Honey, I put the Chrysler (Corporation) up for sale this afternoon...

I have spoken from time to time, most recently here, about how struggling publicly traded companies are becoming easy targets for large hedge fund operators, who buy them up, take them PRIVATE, strip the value by (usually) selling all the valued assets, and leaving the carcass of the old company by the side of the road.

Hedge funds are MASSIVE new-power money in the corporate game. They are privately held, and therefore have no reporting or regulation on activities, etc. These are the New Entrepreneurs. They usually seek to return at least 20% interest on their activities, depending on their fund, and the investors in the fund, which can be corporate retirement fund managers, insurance companies, etc. Big Money.

Struggling public corporations are some of their favorite targets, especially those who are bogged down with union labor troubles.

And it seems that the Chrysler division of Daimler-Chrysler is set to be the next victim.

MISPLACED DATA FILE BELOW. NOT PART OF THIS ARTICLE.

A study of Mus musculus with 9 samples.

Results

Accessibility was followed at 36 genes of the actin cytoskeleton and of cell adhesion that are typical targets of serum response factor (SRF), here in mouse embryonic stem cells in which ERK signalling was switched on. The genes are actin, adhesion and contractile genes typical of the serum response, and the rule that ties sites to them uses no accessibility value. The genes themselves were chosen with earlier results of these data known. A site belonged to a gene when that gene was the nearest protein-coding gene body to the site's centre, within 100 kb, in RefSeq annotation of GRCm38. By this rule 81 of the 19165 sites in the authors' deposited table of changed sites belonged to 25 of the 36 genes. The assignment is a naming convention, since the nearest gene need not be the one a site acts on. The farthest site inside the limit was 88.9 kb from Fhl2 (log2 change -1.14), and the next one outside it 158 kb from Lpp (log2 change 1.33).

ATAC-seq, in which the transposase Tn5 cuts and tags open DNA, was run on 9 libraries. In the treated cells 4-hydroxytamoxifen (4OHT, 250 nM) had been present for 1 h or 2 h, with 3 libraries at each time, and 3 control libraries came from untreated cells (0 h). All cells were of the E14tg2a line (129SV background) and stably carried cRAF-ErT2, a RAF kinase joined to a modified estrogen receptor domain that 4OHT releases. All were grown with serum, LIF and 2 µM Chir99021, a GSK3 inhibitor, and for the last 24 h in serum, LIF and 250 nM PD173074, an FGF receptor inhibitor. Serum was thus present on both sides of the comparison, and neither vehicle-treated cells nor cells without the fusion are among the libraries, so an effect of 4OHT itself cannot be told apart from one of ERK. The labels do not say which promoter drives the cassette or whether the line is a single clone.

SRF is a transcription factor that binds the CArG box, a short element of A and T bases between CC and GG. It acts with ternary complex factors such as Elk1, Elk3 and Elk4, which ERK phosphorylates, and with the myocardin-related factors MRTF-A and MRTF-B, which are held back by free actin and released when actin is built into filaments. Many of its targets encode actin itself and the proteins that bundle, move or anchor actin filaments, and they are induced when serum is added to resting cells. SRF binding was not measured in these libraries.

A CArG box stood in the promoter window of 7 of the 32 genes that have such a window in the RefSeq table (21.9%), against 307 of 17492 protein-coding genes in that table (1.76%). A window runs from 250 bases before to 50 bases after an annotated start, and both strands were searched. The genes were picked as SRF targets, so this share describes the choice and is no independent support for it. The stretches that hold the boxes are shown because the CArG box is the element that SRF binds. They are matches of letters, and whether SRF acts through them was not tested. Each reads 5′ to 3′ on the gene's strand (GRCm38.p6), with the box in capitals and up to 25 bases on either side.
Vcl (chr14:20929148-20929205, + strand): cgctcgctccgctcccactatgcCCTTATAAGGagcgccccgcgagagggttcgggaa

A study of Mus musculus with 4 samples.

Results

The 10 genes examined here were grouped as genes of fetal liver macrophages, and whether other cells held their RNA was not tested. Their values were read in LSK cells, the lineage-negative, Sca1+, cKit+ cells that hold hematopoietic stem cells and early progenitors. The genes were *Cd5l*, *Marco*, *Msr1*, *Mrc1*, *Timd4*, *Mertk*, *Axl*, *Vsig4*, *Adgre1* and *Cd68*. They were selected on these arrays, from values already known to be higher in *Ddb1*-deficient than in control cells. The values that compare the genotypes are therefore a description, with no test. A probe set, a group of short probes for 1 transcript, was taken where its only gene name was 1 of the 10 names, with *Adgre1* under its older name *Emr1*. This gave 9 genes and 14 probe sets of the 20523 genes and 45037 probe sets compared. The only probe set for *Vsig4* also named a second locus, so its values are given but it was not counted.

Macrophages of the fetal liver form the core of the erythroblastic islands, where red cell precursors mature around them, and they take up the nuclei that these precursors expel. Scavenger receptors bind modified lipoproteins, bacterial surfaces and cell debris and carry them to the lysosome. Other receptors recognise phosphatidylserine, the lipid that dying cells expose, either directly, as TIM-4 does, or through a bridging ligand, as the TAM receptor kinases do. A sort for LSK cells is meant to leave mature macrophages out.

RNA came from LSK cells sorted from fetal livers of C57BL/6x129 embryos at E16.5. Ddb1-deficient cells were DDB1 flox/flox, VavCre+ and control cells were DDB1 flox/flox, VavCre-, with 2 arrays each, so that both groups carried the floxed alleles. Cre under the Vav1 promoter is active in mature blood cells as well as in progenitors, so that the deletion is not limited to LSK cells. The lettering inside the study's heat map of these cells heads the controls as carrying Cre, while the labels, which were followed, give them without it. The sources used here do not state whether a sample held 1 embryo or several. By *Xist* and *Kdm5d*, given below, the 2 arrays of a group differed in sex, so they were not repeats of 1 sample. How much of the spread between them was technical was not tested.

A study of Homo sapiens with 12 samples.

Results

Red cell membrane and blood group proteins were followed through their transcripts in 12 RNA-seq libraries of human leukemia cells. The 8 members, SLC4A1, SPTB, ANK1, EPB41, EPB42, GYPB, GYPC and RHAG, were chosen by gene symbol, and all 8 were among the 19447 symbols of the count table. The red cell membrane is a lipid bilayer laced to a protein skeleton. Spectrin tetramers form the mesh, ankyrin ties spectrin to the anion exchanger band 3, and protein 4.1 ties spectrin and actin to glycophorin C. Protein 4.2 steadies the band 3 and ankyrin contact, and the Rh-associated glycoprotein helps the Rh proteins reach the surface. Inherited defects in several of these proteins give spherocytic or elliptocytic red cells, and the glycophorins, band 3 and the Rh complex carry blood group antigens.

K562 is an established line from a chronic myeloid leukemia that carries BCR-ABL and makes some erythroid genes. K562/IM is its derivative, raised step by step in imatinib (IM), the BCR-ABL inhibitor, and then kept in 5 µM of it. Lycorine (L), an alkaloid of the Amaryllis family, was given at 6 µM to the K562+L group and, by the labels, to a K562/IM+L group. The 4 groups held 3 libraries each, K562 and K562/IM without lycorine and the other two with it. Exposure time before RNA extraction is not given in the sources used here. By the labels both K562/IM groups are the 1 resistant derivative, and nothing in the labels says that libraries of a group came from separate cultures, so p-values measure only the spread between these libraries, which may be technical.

Mr. Mustache has apparently decided that the Daimler-Benz purchase of Chrysler, only a few short years ago, was a bad idea. Duh.

So now they want out. Chrysler is up for sale and there are three bidders. The first two are hedge funds, and the third is an auto parts maker from Canada.

Here's how this will work:

One of the two hedge funds will will the bidding war, and Dieter will get his money back on a bad decision. The United Auto Worker's Union will come unglued, because they wanted the auto parts manufacturer to win the bid, they won't have enough money. The new ownership will be private, not public, and trading in the stock will cease, and any further public financial reporting will cease.

Then, the new owner will look at the assets, and begin to parcel them up for sale.

First on the block will be JEEP. The new owner will separate JEEP from the Chrysler flock like a well trained sheep dog separates a weak lamb from its mommy. It will be packaged up all pretty and sold to the highest bidder. Other bits will be sold off as well. The fund will realize its return, the major players in the transaction will get massive paydays, and Chrysler will cease to exist as it is presently constituted...

And then it's on to the next payday.